My son and I have now been living with my boyfriend for over a year, so legally we're now common-law. We live in my house, and my name is the only one on the mortgage. What are our rights and responsibilities as a common-law couple? What should I be putting in place?
Asked by Anonymous, Halifax, NS
I am licensed to practice law in Manitoba, so my advice to you is based on Manitoba Law.
In Manitoba, you would only obtain common-law rights under The Family Maintenance Act (Manitoba) (the "Act") after either you and your partner have been cohabitating in a conjugal relationship for at least three years in the event that you do not parent a child together, or, one year in the case that you do parent a child together. "Parent" is defined under the Act to mean "a biological parent or adoptive parent of a child and includes a person declared to be the parent of a child under Part II."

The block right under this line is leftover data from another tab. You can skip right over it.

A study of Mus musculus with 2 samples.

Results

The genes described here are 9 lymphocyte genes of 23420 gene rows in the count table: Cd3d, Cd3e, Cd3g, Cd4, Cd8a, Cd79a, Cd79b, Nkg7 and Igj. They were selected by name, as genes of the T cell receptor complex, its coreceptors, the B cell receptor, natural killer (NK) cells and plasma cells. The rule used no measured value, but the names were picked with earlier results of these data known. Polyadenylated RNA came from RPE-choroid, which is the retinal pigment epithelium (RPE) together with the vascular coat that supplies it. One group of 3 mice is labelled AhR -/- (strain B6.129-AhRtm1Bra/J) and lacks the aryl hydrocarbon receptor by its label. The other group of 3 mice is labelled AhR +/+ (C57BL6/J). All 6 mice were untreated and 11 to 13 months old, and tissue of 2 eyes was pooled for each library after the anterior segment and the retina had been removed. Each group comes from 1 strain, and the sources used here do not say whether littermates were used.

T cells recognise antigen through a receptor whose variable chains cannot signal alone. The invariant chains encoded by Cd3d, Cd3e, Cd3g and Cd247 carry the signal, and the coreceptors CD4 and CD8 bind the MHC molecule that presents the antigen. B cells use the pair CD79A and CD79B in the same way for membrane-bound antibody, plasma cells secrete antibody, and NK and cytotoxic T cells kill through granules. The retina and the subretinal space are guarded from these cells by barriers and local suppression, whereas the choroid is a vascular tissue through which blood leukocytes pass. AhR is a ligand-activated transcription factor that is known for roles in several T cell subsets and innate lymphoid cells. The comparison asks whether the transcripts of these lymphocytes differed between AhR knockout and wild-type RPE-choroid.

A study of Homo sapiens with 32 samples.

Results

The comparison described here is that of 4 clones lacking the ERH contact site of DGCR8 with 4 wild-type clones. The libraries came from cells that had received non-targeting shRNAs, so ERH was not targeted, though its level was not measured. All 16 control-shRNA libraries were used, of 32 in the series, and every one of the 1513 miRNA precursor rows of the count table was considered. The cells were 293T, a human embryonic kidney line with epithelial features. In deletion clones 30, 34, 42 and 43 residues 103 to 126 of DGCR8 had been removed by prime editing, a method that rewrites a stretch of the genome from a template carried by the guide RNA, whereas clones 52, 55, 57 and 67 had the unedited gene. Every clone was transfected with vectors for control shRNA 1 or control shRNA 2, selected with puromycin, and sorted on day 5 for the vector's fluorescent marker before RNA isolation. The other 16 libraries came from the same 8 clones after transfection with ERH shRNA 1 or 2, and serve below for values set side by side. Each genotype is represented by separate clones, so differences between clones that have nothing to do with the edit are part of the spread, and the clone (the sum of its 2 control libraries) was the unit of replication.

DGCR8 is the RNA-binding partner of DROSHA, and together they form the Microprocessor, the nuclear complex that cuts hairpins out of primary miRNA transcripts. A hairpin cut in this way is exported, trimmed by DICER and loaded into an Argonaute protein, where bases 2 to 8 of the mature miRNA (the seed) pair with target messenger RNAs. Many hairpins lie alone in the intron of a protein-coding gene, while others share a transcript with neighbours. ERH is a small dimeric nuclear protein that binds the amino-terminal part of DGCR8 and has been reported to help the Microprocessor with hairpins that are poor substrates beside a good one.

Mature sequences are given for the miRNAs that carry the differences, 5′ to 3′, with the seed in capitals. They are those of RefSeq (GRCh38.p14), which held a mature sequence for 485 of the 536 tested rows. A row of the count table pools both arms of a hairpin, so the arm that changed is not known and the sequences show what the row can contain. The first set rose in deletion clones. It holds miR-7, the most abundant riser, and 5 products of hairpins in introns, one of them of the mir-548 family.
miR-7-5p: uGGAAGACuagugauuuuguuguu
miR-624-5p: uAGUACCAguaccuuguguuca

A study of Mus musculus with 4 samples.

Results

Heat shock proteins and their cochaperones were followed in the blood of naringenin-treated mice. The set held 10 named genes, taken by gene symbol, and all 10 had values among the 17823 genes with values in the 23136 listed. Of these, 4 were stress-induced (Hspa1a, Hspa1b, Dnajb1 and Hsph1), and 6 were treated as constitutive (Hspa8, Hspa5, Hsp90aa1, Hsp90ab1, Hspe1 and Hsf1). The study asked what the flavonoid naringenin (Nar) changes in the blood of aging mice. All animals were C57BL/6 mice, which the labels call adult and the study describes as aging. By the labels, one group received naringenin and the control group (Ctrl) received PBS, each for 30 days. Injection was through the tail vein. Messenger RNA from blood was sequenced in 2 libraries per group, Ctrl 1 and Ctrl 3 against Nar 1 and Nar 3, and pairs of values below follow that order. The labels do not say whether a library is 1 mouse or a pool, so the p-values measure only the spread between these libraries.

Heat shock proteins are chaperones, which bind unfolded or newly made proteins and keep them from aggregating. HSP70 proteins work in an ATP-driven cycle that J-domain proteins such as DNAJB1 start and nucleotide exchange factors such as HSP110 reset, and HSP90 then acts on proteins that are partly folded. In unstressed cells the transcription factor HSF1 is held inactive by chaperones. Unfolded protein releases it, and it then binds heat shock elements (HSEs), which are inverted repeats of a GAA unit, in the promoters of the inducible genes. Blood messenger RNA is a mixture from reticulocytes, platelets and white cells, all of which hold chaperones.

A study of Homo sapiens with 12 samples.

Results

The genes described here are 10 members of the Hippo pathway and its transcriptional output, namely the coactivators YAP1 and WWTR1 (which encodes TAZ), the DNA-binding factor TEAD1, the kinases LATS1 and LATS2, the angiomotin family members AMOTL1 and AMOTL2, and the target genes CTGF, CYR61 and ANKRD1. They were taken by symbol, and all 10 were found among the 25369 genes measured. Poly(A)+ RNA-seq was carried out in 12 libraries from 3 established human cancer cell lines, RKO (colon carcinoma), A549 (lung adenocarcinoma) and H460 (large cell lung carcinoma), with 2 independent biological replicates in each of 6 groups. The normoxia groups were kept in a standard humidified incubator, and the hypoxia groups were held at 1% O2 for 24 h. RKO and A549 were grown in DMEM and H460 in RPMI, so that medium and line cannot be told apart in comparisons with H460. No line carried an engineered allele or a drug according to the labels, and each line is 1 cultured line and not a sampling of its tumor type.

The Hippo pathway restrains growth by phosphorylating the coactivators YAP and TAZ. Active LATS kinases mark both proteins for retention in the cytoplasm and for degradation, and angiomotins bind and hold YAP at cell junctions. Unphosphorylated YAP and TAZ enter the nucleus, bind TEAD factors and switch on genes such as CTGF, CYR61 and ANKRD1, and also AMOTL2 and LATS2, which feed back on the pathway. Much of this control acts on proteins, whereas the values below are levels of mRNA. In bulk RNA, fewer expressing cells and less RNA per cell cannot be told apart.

In Nova Scotia, where you live, the relevant statute is the Maintenance and Custody Act. R.S., c. 160, s. 1; 2000, c. 29, s. 2 which defines "common-law partner" of an individual to mean another individual who has cohabited with the individual in a conjugal relationship for a period of at least two years.
I encourage you to seek the advice of a Nova Scotia lawyer as soon as possible, and in any event, prior to the second anniversary of the date on which you and your partner moved in together to protect your assets through a cohabitation agreement. Depending on your partner's assets, he too may want some protection and would be well advised to seek his own legal advice. In any event, he will need an independent lawyer to consider the proposed agreement put together by you and your lawyer.